Orlando Bailey is changing the future of Detroit in real time.

Passionate about shifting the narrative of Black cities and neighborhoods, Bailey is using his voice as the Director of Engagement for BridgeDetroit, co-host of the podcast Authentically Detroit, and host of Urban Consulate to challenge the status quo and alter the trajectory of Detroit.  

Orlando Bailey

EXP: When did your passion for storytelling at the intersection of racial equity and Detroit begin?

OB: When I came home from school in 2012, Detroit was bankrupt under emergency management struggling to deliver basic city services. The national narrative that pervaded the media was that Detroit has Declined, Detroit is Bankrupt, accompanied by images of ruins and Black people. When Mayor Duggan was elected, the narrative shifted to Detroit is on the Comeback with photos of white millennial business owners and creatives. Both of those narratives were damaging and incorrect, and I made it my business to offer a counter-narrative about MY city that honored Black residents who had endured the loss of democratic power, policy afflicted violence, and scandal. 

EXP: BridgeDetroit provides a platform for Detroit’s 700,000 residents to share and discuss issues they care deeply about. What topic keeps coming up in these conversations? 

OB: BridgeDetroit is a journalism and engagement organization with a mission to produce news by Detroiters for Detroiters. We are in the process of building our communities priorities model by asking Detroiters about their experiences, information gaps, and concerns. We then tailor our journalism to provide solutions, accountability, and information toward those identified priorities. Priorities rising to the top are concerns about COVID and neighborhood development transparency and financing. 

EXP : As the host of the Urban Consulate you bring people together to share ideas for building more just and equitable communities. What’s been the most profound ah-ha moment? 

OB: There are so many profound moments that happen at the Urban Consulate! In our latest Candid Conversation series, I interviewed Devita Davision, the Executive Director of Foodlab here in Detroit. She said something so profound, “If you’re doing work in the city of Detroit and you’re doing it race blind or race neutral, then you are doing the work wrong.” This hit me so hard.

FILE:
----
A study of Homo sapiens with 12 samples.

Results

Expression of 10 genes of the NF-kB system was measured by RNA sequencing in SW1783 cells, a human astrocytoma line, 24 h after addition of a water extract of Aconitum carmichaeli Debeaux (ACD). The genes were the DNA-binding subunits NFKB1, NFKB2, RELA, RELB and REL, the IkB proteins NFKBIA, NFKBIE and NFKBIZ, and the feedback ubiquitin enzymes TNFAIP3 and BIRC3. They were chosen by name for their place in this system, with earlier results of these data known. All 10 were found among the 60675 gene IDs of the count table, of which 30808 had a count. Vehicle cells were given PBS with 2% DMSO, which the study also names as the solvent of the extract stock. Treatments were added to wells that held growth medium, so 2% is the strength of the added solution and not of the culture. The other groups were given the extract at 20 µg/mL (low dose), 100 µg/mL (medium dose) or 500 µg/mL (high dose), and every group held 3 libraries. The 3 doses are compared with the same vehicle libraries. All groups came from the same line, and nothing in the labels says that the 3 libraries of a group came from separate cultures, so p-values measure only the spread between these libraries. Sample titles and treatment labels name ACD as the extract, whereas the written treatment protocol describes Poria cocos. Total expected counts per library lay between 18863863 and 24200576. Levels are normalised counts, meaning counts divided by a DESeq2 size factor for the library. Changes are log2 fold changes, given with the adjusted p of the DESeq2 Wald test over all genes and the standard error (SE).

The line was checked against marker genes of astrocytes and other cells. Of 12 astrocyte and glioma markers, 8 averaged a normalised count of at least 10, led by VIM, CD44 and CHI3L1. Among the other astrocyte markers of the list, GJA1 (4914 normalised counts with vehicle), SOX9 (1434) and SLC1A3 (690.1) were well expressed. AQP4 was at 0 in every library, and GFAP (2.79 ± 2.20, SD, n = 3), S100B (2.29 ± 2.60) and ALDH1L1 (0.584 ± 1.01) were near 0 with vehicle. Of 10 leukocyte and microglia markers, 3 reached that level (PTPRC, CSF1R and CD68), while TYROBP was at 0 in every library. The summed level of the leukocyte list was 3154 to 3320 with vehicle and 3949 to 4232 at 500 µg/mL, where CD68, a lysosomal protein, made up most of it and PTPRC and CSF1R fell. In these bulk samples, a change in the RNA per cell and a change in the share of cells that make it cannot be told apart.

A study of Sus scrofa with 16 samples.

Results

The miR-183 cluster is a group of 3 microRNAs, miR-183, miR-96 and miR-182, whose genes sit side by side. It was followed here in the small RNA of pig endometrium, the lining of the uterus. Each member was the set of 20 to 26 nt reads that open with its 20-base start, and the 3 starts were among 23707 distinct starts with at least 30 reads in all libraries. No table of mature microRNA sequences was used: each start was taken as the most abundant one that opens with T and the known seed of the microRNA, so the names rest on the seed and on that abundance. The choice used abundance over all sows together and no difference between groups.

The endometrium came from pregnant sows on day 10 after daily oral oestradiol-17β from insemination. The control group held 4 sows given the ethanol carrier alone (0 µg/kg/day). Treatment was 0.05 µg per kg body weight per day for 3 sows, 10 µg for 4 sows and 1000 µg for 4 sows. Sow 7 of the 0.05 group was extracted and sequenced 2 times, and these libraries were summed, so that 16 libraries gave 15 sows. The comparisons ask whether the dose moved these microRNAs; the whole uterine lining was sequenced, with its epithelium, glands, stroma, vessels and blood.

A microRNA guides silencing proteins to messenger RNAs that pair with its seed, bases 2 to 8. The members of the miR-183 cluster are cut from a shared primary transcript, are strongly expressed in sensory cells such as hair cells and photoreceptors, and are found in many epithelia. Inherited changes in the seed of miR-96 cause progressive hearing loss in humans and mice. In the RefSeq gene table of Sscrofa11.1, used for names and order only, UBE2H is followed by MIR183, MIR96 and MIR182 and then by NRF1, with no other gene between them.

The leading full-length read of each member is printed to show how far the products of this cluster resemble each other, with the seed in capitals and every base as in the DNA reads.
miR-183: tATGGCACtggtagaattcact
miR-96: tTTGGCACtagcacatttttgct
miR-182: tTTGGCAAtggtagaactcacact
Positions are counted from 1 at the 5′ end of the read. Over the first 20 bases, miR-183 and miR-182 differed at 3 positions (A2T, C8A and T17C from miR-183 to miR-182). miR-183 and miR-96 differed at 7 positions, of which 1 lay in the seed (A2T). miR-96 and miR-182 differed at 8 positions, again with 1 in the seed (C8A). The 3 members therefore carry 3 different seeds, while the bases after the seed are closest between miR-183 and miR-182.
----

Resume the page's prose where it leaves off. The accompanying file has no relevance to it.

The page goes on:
“Detroit is a majority Black and Hispanic city. We can’t afford to do race neutral work if we are aiming to build truly just and equitable cities.”

EXP: If you were given a magic wand and could change one thing about the City of Detroit, what would it be and why? 

OB: Grant residents funding for home repair! We need to preserve our beautiful housing stock. Allowing homes to fall into disrepair is symptomatic of our city-wide problem that churns vacant structures to demolished lots. Let’s stop feeding the monster and start helping people.  

EXP: If you could interview any person living or dead on Authentically Detroit, the podcast you produce and co-host, who would it be? 

OB: I love how the podcast Authentically Detroit has taken off! When we started, we had no idea what we were doing and now people come to us asking to be interviewed! It’s remarkable. I would love to interview Dr. Ossian Sweet. His story fascinates me.

EXP: COVID has been hard on local businesses. Which Detroit entrepreneurs need our support right now? 

OB: What’s hard for most people is almost always exacerbated in communities of color like Detroit. Our small Black owned businesses need so much love right now in the form of patient capital, exposure, and patronization!  

Black Owned Businesses: Good Cakes and Bakes (left), House of Pure Vin (right)

EXP: You’ve had the privilege of interviewing and working with hundreds of visionaries and changemakers across the country. Who will you never forget and why? 

OB: I recently had the opportunity to interview Dr. Cornel West as the facilitator of an event hosted by the Coalition for Property Tax Justice. Dr. West gave me the highest compliment that boosted me into another galactic universe. He said, “Brother, I salute you, because you’ve been like Count Basie and Barry White in terms of how you have conducted and orchestrated this cacophony of voices.” I am still grinning from ear to ear. The clip is out there somewhere. 

Dr. Cornel West – Photo courtesy of cornelwest.com

EXP: You’ve been the recipient of the Marshall Memorial Fellowship, the Knight Foundation Fellowship, and the Martin Luther King Humanitarian Award from Eastern Michigan University, among others! What work are you most proud of? 

OB: This is a hard question! I’m proud of all the work I’ve been able to do… Honestly, I am. I’m so fortunate to have had forerunners break down doors that allowed me to walk through and practice my work in the neighborhoods I call home. Growing up, I spent a lot of time in Chandler Park. When I started my career at Eastside Community Network in 2012, it was a privilege to be able to contribute to the conservation of Chandler Park and it was truly a full circle moment for me! What is my work without Marlowe Stoudamire? What is my work without Donna Givens Davidson? Or Maggie DeSantis and James Feagin? All of it has been a privilege. Not a chore. 

Chandler Park

EXP: What’s next for Orlando Bailey? 

OB: Mission advancement! My mission is to provide under-represented Black folks platforms to express their power and expertise. I will continue to hold up every single opportunity against that mission.